Sermon- Imagine That!, Matthew 13:16 sermons -- Sunday Sermons preaching resources

Sunday Sermons Preaching Resources - View Sermon

Sermon Topics

Imagine That!

Happy are your eyes because they see, your ears because they hear
Matthew 13:1-23 or 13:1-9

Sermon Topic God: message of

Sermon Week Fifteenth Sunday in Ordinary Time Cycle A

Scripture Summary Matthew 13:16


On a spring day, a week-end gardener showed an out-of-town visitor the packets of seed he had received through the mail. The rainbow colored packages promised huge, juicy, tasty vegetables of every kind. "This will be my best garden ever," boasted the backyard farmer. Late that summer the same out-of-town friend dropped by for another visit. "How is your garden doing?" he asked. "I'm sorry to say it hasn't done very well," the gardener replied. "That's a shame," sympathized the visitor. "What's the problem? Bad soil? Pests? Dry weather?" The gardener shook his head. "Then maybe your seed was the problem," the visitor suggested. "Yeah, I guess the seed was the problem," the gardener admitted. "You see, I never got around to planting any of it!"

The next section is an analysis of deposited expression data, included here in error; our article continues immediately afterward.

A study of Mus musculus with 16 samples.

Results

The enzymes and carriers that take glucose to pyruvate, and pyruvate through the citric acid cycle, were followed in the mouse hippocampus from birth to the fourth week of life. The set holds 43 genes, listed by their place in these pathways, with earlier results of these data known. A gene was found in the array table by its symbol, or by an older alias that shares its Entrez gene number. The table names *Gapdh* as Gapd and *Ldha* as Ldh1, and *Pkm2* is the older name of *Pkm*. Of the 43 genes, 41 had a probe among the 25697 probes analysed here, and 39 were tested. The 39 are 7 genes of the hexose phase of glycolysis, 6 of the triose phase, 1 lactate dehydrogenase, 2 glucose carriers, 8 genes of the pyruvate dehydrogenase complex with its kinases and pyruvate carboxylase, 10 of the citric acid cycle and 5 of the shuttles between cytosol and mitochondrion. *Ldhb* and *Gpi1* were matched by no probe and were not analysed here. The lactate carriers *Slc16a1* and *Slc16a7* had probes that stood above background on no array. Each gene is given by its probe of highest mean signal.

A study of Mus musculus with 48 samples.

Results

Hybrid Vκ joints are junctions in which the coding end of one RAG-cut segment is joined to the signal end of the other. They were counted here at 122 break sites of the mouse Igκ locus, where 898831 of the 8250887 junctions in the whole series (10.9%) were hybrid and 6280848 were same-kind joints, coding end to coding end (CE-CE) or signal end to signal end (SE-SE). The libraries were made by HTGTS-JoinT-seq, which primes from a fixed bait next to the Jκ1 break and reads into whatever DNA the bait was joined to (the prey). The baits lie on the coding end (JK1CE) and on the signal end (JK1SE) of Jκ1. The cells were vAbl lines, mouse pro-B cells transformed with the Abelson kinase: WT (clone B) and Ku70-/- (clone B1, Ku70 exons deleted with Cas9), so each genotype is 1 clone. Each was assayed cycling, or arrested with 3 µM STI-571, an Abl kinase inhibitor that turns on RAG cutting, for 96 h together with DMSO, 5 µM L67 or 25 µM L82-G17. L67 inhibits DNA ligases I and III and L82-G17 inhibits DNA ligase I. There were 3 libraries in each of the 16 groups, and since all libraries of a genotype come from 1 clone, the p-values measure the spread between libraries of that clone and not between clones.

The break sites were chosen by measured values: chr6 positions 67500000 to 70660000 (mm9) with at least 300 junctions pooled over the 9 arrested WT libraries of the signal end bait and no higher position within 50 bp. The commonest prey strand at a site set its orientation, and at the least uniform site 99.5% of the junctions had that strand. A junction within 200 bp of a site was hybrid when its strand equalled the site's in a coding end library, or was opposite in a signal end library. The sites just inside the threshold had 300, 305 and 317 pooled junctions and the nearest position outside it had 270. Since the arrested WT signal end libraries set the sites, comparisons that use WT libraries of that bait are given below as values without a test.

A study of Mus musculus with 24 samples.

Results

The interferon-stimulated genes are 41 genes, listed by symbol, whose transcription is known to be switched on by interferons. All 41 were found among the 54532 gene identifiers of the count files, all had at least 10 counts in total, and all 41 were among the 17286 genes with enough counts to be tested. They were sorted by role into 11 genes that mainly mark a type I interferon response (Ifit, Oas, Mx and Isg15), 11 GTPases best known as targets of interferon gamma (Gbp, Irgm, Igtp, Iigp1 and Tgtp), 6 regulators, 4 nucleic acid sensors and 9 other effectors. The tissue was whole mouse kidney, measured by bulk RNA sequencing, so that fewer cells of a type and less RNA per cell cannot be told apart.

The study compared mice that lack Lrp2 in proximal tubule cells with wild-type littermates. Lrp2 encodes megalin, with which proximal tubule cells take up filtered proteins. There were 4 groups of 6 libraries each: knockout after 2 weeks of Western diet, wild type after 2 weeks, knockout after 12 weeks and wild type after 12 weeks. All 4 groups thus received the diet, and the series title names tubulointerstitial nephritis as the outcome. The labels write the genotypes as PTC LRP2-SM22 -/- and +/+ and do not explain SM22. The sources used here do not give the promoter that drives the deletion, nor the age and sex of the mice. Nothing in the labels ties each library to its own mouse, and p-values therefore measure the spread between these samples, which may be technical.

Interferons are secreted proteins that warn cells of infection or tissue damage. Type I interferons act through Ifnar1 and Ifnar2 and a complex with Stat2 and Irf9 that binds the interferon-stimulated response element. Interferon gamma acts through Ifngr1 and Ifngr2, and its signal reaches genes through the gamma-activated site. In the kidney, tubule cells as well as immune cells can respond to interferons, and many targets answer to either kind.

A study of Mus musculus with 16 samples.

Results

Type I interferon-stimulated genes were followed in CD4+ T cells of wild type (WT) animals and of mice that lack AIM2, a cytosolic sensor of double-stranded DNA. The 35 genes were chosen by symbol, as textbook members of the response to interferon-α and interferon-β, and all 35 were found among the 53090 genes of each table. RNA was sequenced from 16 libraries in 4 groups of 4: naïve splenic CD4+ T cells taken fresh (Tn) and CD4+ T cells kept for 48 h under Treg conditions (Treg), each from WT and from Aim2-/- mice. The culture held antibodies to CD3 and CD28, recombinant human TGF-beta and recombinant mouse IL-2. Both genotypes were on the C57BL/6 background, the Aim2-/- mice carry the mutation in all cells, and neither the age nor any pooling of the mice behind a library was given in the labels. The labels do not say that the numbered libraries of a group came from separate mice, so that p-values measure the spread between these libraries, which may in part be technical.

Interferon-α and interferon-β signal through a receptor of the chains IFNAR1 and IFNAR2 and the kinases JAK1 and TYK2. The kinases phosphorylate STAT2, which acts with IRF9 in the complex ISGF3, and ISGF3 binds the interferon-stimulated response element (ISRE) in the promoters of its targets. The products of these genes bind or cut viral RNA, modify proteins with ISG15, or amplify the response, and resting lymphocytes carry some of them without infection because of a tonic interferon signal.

Getting the seed into the ground can sometimes be the hardest part of farming, and that was especially true in first-century Israel. In the days of Jesus, eking a harvest from the land was a back-breaking struggle. The land itself was the first obstacle. Palestine is hilly country, and much of the tilling is carried out on steep slopes. Often the slope had to be terraced to hold the soil in place. The soil itself was fertile enough, but extremely rocky. And clearing the field of rocks was a never-ending task.

An old Arab story says that God enlisted two angels to assist in the creation of the world. God gave each of the angels a huge bag of stones to scatter evenly all over the world. Unfortunately, as the angels were flying over Israel, one of the bags burst and spilled half of the world's rocks into that little country -- and farmers have been digging them up ever since!

A second obstacle was the climate. The five months of burning heat in Israel can sometimes pass without a single drop of rain. On the more cool days, when dew condensed in the evening, the farmer would rise earlier than usual to cultivate the soil in order to keep the moisture from evaporating too quickly.

Finally, there was the challenge of getting the [...]

To read the complete sermon, enter a subscription. Subscribers, please log-in to add this sermon to your library.